I have continuously advocated real time engagement on social media. It's imperative to a comprehensive social media strategy. One of the easiest social platforms for real time engagement is Twitter. However, there are some guidelines you should follow when engaging on Twitter.
Engaging on Twitter 101:
Favorite tweets. Favorite tweets that align with your brand. Twitter will send you emails about tweets they recommend for you based on this information. Furthermore, it's a way to categorize information and articles you find interesting. People can see this list of tweets you have favorited and, in turn, see the kinds of thing your brand is interested in.
In addition to favoriting tweets that represent your brand, I also recommend favoriting tweets you are mentioned in. Personally, I equate the Twitter favorite as the Facebook "like." So when someone mentions you, favoriting that tweet is like sending a quick little, 'Hey thanks!'
Say 'thank you.' Speaking of thanks, I like to thank people who share my content. There are several ways to say thank you on Twitter, be it in a direct message or a tweet. If you want to thank someone in a tweet, you can simply hit reply to the tweet they have mentioned you in. Simply hit reply and write your thank you. I recommend doing it this way as it will start to create a visible conversation between the two of you on Twitter.
Remember if you are hitting reply the tweet is starting with an @username. When a tweet starts with an @username, only those that follow both of you will see the exchange. If you want more people to see that tweet, make sure you put a "." in front of the @username, or incorporate the username somewhere else in the tweet.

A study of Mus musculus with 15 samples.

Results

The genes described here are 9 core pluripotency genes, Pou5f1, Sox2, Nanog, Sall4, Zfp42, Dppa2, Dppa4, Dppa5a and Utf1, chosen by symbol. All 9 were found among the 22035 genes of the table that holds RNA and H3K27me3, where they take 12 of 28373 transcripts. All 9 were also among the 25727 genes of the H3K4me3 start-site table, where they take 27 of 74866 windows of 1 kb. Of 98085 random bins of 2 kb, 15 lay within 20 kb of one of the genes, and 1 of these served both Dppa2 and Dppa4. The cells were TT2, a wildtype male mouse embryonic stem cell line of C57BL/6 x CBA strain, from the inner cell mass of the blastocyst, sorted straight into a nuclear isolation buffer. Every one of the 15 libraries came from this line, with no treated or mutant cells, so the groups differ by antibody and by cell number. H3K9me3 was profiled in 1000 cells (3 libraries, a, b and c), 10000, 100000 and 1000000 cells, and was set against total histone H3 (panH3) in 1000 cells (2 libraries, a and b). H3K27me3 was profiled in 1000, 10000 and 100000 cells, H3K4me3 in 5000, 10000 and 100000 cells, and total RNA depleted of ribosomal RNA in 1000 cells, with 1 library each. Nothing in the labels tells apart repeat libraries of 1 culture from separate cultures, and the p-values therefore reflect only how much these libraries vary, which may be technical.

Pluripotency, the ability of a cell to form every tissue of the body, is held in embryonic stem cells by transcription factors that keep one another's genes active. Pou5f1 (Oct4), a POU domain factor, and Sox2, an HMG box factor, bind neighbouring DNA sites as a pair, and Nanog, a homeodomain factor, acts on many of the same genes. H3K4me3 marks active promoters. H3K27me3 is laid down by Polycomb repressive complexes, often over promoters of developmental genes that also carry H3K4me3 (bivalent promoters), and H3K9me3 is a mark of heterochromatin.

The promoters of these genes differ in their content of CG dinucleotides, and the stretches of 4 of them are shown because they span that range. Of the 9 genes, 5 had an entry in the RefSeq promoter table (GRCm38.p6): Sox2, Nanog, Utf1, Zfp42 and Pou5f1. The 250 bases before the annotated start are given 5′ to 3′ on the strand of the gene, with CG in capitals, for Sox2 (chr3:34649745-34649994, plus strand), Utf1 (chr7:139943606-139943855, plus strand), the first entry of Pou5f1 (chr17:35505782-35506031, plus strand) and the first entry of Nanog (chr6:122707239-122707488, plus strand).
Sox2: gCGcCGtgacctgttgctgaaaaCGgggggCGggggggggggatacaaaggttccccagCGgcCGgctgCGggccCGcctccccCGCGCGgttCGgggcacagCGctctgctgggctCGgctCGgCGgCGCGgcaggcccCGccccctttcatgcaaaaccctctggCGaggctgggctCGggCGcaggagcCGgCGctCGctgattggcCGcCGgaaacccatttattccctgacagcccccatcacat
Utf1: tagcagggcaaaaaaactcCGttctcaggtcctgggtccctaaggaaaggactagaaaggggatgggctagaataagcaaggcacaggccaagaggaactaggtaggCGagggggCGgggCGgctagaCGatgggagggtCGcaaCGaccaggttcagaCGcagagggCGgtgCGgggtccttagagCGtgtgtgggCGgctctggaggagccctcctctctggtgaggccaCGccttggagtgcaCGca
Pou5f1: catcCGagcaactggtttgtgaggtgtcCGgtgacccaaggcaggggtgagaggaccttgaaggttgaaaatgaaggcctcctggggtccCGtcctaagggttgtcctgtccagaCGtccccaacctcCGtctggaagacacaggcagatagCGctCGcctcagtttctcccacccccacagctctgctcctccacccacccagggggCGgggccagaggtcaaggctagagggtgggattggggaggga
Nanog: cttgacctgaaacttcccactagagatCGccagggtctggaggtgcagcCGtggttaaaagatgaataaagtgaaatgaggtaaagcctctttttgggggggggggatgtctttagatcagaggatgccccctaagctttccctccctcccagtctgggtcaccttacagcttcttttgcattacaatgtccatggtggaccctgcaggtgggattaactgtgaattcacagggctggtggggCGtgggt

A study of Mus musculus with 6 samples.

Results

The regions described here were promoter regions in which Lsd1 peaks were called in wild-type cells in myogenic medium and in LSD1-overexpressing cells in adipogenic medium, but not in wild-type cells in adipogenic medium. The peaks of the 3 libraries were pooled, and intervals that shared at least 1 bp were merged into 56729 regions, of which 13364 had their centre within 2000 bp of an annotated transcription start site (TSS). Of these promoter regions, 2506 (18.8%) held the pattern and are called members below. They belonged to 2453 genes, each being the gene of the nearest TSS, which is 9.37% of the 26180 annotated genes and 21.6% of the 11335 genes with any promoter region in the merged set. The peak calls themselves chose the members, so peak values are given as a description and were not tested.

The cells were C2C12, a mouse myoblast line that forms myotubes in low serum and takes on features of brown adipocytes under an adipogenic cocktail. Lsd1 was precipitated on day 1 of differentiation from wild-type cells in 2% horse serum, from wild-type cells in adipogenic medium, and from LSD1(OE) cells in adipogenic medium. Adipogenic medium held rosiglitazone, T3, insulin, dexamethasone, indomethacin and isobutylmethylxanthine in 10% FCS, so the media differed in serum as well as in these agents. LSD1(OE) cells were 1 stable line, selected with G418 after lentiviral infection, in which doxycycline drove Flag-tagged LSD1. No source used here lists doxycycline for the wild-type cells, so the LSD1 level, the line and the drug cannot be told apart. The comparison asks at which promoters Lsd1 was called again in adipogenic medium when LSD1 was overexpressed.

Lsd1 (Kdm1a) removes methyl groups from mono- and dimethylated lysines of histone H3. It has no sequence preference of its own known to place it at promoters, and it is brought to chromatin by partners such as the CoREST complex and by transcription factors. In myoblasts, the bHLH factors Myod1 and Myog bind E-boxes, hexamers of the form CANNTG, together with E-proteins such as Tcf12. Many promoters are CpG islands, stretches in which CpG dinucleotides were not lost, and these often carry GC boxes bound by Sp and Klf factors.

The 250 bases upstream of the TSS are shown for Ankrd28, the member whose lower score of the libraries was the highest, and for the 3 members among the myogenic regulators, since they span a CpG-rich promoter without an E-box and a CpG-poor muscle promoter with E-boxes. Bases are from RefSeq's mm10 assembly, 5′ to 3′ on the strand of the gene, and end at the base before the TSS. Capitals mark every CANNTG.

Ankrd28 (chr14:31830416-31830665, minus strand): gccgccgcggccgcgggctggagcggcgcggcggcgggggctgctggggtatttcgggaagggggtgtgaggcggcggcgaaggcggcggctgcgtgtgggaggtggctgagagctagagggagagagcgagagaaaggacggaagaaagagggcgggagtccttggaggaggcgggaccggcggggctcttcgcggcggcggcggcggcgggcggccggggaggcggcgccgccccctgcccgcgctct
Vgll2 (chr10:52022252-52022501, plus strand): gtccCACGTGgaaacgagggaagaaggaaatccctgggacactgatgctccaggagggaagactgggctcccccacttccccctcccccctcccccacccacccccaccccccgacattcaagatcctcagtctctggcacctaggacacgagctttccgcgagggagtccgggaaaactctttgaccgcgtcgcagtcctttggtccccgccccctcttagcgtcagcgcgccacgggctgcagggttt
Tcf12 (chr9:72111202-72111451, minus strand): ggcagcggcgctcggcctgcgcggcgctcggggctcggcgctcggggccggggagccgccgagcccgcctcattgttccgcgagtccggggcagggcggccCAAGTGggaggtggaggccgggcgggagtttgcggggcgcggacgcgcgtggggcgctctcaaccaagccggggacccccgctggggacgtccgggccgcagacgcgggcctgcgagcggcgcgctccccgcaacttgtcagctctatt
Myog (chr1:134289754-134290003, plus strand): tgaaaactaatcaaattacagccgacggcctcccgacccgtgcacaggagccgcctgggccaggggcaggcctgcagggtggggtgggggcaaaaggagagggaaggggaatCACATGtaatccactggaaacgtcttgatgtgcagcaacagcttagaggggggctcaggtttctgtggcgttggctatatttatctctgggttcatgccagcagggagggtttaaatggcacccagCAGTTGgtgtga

(Tip: Instead of just saying, 'Thanks for sharing,' I like to go a step further and create a unique message that would appeal to the person who is sharing my content. I check out that person's profile. Where are they located? What are their interests? What's their photo? All of this information can make for more engaging thank-you tweets.)
Reply. If someone asks you a question or is directing some type of content your way, it seems like a no-brainer that you should reply. Unless the question is inappropriate, you should always, always, reply. Even if it's as simple as thanking them for sharing content with you and/or answering their question with a word or two.
See the exchange I had on Twitter recently with Kevin, a kind man who shared my content, to see some examples of the above suggestions in action:
Retweets. Retweet tweets you like that are similar to your brand. Also, if someone mentions you in an especially nice tweet, it's not a bad idea to retweet that to your followers. Why not spread the message of a good testimonial to a few more twitter followers?!
HOWEVER! When retweeting, try not to just hit "retweet" on Twitter. You should try to add some of your own personal commentary to the tweet if space allows, even if it's just one word.
The mobile application allows you to "quote a tweet" when you retweet, which is the option you will want to go with. However, if you're on a desktop and trying to add a comment to a retweet, you're going to have to copy the username and tweet and do it manually by creating your own tweet. See below:
(Tip: You've probably figured out that RT stands for Retweet, but do you know what MT and MRT stand for? Modified tweet and modified retweet! Learn more in this awesome Twitter definition guide from HubSpot.)
Direct messages. If you want to send a private message to someone, direct messages are a good way to do this. However, you can only direct message those who already follow you on Twitter.
(Tip: Automatic direct messages. This in no way is personal or good "real time" engagement. Just. Don't. Do. It.)
Be helpful. Twitter offers us marketers a great opportunity to go above and beyond compared to traditional social media engagement. On Twitter we have the opportunity to seek out people tweeting about our products or services. Maybe they aren't tweeting about our products or services specifically, but they may be tweeting about things that would require them to need our products or services.
For example, if I sell coffee in San Francisco, I might look for someone in San Francisco tweeting about how tired they are. Perfect opportunity to engage!